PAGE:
Asian stocks rose this week, led by Hong Kong-listed Chinese companies, as reports on U.S. employment, manufacturing and consumer confidence added to signs the world’s largest economy is recovering.
The Hang Seng China Enterprises Index gained 3.7 percent for the week, capping a more than 20 percent gain since a September low and entering a bull market after China’s manufacturing expanded for the first time in three months. China Petrochemical & Chemical Corp., the nation’s biggest refiner, increased 5.7 percent in Hong Kong. BHP Billiton Ltd., the world’s largest mining company, climbed 1.7 percent.
The MSCI Asia Pacific Index gained 0.8 percent to 122.56 this week, erasing a 0.4 percent loss in October. Raw-material shares and information-technology companies gained the most this week among the 10 industries tracked on the gauge.
“Global indicators are starting to show an improvement in momentum, particularly in the U.S.,” said Nader Naeimi, Sydney-based head of dynamic asset allocation at AMP Capital Investors Ltd., which manages almost $100 billion. “This can be sustained if central banks keep supporting growth.”
The regional benchmark has gained 7.7 percent this year as central banks in Europe, the U.S., Japan and China added stimulus measures to counter a global economic slowdown and the European debt crisis. The index traded at about 13.4 times estimated earnings on average, compared with 13.7 for the Standard & Poor’s 500 Index and 12.3 for the Stoxx Europe 600 Index.
Hong Kong Gains
The Hang Seng China Enterprises Index gained more than 20 percent from a Sept. 5 low. Building-material and railway companies have led the advance as China increased investment in fixed assets. China National Building Material Co. has gained 47 percent during the period, while Anhui Conch Cement Co. increased 44 percent. China Railway Group Ltd. is up 40 percent.
Hong Kong’s Hang Seng Index gained 2.6 percent to 22,111.33, its highest level since August 2, 2011. China’s Shanghai Composite Index advanced 2.5 percent.
Shares have risen on speculation China’s economy may be stabilizing. This week, a purchasing managers index indicated the manufacturing industry grew for the first time in three months in October. China’s central bank cut interest rates in June and July for the first time since 2008 and reduced banks’ reserve requirements three times since November to boost the economy.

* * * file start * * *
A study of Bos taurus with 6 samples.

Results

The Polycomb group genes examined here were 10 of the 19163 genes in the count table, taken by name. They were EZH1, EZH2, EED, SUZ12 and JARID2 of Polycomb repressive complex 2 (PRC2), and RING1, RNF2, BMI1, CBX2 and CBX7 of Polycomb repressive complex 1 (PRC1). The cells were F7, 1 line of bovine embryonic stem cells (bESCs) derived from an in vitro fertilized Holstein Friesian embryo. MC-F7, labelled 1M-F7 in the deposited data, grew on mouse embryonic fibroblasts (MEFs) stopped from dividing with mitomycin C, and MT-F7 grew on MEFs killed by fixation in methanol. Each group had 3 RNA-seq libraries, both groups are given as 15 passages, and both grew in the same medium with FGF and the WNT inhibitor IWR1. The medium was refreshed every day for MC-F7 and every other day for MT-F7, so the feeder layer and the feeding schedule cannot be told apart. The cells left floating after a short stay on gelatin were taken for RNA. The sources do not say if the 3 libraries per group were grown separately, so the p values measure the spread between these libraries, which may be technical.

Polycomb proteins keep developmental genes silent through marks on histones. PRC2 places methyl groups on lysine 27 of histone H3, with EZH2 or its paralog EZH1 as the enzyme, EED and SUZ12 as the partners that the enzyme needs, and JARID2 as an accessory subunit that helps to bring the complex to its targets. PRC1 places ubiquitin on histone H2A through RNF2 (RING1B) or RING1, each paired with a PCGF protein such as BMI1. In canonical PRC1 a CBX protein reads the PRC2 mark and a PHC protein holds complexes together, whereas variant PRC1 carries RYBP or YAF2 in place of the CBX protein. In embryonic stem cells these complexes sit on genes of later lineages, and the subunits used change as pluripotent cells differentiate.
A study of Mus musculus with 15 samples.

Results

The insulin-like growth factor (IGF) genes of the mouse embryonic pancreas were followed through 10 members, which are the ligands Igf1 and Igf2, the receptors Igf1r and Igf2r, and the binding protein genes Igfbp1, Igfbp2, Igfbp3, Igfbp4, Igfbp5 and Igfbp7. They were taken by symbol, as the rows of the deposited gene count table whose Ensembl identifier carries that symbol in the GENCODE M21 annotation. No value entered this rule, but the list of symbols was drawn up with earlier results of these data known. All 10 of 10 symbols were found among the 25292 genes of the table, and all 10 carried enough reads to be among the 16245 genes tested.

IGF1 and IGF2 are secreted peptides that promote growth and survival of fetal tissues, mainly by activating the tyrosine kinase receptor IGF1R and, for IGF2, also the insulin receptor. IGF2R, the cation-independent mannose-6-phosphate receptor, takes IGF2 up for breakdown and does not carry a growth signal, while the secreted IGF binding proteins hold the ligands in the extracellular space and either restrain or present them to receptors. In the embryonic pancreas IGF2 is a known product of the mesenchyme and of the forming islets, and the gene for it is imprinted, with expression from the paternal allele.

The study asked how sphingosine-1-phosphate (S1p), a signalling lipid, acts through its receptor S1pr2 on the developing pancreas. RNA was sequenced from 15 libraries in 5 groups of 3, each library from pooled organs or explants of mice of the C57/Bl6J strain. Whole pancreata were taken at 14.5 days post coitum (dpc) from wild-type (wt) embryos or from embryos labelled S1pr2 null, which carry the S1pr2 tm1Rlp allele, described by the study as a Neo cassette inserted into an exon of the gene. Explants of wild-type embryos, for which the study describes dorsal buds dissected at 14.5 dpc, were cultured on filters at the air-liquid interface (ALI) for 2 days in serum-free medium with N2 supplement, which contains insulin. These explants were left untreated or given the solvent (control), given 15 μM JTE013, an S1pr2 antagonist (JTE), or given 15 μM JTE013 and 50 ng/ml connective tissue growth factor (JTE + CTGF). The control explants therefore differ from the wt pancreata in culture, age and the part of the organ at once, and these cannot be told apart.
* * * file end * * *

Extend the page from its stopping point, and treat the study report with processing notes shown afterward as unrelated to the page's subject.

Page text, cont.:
Sinopec gained 5.7 percent to HK$8.48. Hengdeli Holdings Ltd., the Chinese retail partner of Swatch Group AG, gained 19 percent to HK$2.86 as Chinese tourists spent more money in Hong Kong shops. China Resources Land Ltd., a state-controlled developer, rose 9.8 percent to HK$18.60 this week.
Japan’s Nikkei 225 Stock Average rose 1.3 percent to 9,051.22, its highest level in six weeks, on higher-than-average trading volume as the yen weakened. South Korea’s Kospi Index gained 1.4 percent to 1.918.72, the biggest weekly increase since September 14.
Among indexes that declined, Australia’s S&P/ASX 200 Index slid 0.3 percent to 4,460.1, falling for a second week, after a Nov. 1 report showed the nation’s manufacturing output contracted for an eighth month. Singapore’s Straits Times Index lost 0.5 percent to 3,042.7.
American companies expanded payrolls in October by the most in eight months, the Institute for Supply Management’s U.S. factory index topped estimates, and a measure of consumer sentiment rose to the highest since February 2008, reports showed Nov. 1.
Reports on employment and manufacturing both exceeded estimates while a consumer confidence figure showed improvement in the outlook of U.S. shoppers.
BHP rose 1.7 percent to A$34.42 in Australia. Li & Fung, the world’s largest supplier of clothes and toys to retailers, rose 4.8 percent to HK$13.18 in Hong Kong. LG Display Co., an Apple Inc. supplier and the world’s second-largest maker of liquid-crystal displays, rose 14 percent to 34,350 Korean won.
Among companies on the MSCI Asia Pacific Index that reported quarterly earnings this week, 57 percent missed profit estimates, according to data compiled by Bloomberg.
Industrial & Commercial Bank of China Ltd., the world’s largest bank by market value, gained 3.1 percent to HK$5.25 after it posted earnings that beat analyst estimates.
Among stocks that fell, Panasonic Corp., Japan’s No. 2 TV maker, fell 17 percent to 411 yen, the lowest level since Feb. 18, 1975. The company had its credit rating downgraded two levels by Standard & Poor’s after it forecast a loss 30 times bigger than analyst estimates because of restructuring costs and falling demand.